As she said several times during Daisy Cooper’s urgent question today there are risks around mass migration and the formation of new households. She was advised as much, by SAGE, back in the summer.
On 1 July, it was the SAGE position that there were risks inherent in:
The significant movement of around 1 million students across the country, with potential impact on the transmission of the virus, at the beginning and end of terms
These risks are two-fold – there is a risk to students themselves, where outbreaks may mean the kind of mass isolation that happened in October and where there may be other complications from a Covid-19 infection. And there is a risk to the wider population if these outbreaks cause the spread of the virus locally.
There has not been any serology evidence that infections spread from gown to town in October – there is certainly no statistical indication that this happened either in October or among friends and family in December.
On 11 February SAGE noted:
Evidence from genomic studies in a limited number of universities suggests that mitigation measures were successful in minimising transmission.
And (though noting that risks and patterns would be different in different setting and among different groups of the students:
the rate of Covid-19 infection rose among many HE student populations in October 2020 (moderate evidence, moderate data), with rates of infection subsequently reduced in November (high confidence).
If only Michelle Donelan could have been made aware of the risks and been able to act on this advice before the start of the autumn term.
The restrictions on travel and household formation apply to all students, there is no attempt to imaging particular groups of students (part time or mature students, post graduate students) as experiencing the pandemic in a different way and thus having a difference in behavior.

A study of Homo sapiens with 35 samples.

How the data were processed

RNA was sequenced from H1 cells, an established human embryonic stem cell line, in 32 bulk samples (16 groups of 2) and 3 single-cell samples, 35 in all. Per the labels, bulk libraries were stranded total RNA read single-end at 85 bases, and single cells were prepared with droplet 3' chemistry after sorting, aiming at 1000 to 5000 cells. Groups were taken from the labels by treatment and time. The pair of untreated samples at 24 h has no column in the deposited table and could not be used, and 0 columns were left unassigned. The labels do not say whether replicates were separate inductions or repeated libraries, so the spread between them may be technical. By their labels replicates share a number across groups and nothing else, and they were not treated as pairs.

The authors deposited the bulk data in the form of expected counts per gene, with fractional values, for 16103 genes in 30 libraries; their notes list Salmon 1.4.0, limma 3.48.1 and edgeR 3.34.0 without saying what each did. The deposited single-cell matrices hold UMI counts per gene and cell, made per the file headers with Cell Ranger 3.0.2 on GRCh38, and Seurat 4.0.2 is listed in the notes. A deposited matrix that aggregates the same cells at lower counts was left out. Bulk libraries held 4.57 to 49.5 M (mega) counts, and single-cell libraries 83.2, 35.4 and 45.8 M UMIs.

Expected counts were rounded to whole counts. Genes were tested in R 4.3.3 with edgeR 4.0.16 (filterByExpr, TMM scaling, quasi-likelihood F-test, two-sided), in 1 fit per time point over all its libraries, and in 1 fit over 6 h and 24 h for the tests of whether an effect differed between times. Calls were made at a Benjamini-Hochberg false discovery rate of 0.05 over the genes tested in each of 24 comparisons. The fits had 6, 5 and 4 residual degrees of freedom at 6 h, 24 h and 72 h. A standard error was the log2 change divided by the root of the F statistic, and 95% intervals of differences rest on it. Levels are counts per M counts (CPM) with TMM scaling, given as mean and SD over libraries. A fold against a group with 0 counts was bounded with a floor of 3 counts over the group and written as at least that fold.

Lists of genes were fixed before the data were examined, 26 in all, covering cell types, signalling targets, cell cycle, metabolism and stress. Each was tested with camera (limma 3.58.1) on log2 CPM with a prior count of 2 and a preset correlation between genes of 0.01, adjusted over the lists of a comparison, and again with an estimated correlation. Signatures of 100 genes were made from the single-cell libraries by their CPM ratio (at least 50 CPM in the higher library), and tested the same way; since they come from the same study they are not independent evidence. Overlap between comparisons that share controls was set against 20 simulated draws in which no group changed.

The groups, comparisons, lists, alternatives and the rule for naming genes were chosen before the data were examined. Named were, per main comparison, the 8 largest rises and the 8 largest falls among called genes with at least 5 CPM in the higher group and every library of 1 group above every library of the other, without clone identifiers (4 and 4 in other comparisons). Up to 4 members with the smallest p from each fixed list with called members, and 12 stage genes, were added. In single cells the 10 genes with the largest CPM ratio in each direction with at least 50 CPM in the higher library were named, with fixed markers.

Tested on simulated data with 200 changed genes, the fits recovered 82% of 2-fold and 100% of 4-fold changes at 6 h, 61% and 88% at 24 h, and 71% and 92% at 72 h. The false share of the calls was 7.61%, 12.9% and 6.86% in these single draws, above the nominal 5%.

But when we get to the finances of HE, DfE asserts that all students are different. Rather than a mass model of financial support and compensation (as seen in Northern Ireland) student circumstances are to be considered in isolation, with the support offered variable by provider, subject, student background, level, and all the rest. To take a national approach would be fairer, but would also cost DfE a lot of money – and I can hear the snorts of derision from Number 11 already.
Universities are – we are reminded – autonomous, so are directly and individually responsible for the experiences of students and compensating them appropriately. But universities are not autonomous when it comes to asking students to return to campus in order to get something closer to the higher education experience they were expecting. There the decision is made centrally.
Likewise, on matters of national importance like free speech or the type of offers made to applicants, universities are not autonomous. Policy is made centrally.
No wonder we are confused
So are universities autonomous? It’s a fundamental question, and one that has puzzled many over the years. What’s becoming clear is that the answer is variable – universities are autonomous when it suits the government, but not otherwise.
You’d think “autonomy” might mean that you would have the right to assess students on what you’d taught them rather than their grasp of formal grammar – Robert Halfon’s bizarre question on the seemingly unkillable University of Hull story, and Michelle Donelan’s answer suggests otherwise.
But universities are autonomous in dealing with the worst global pandemic in living memory. And every student has experienced the mental drain of online participation, the loneliness away from their friends, the financial pressure of rent for a room they are not permitted to use in a way that is so significantly different from their peers that it needs to be dealt with as a separate and discrete complaint – but every student apparently acts in the same way to spread the virus.
For the DfE autonomy isn’t a principle – it’s an insurance policy.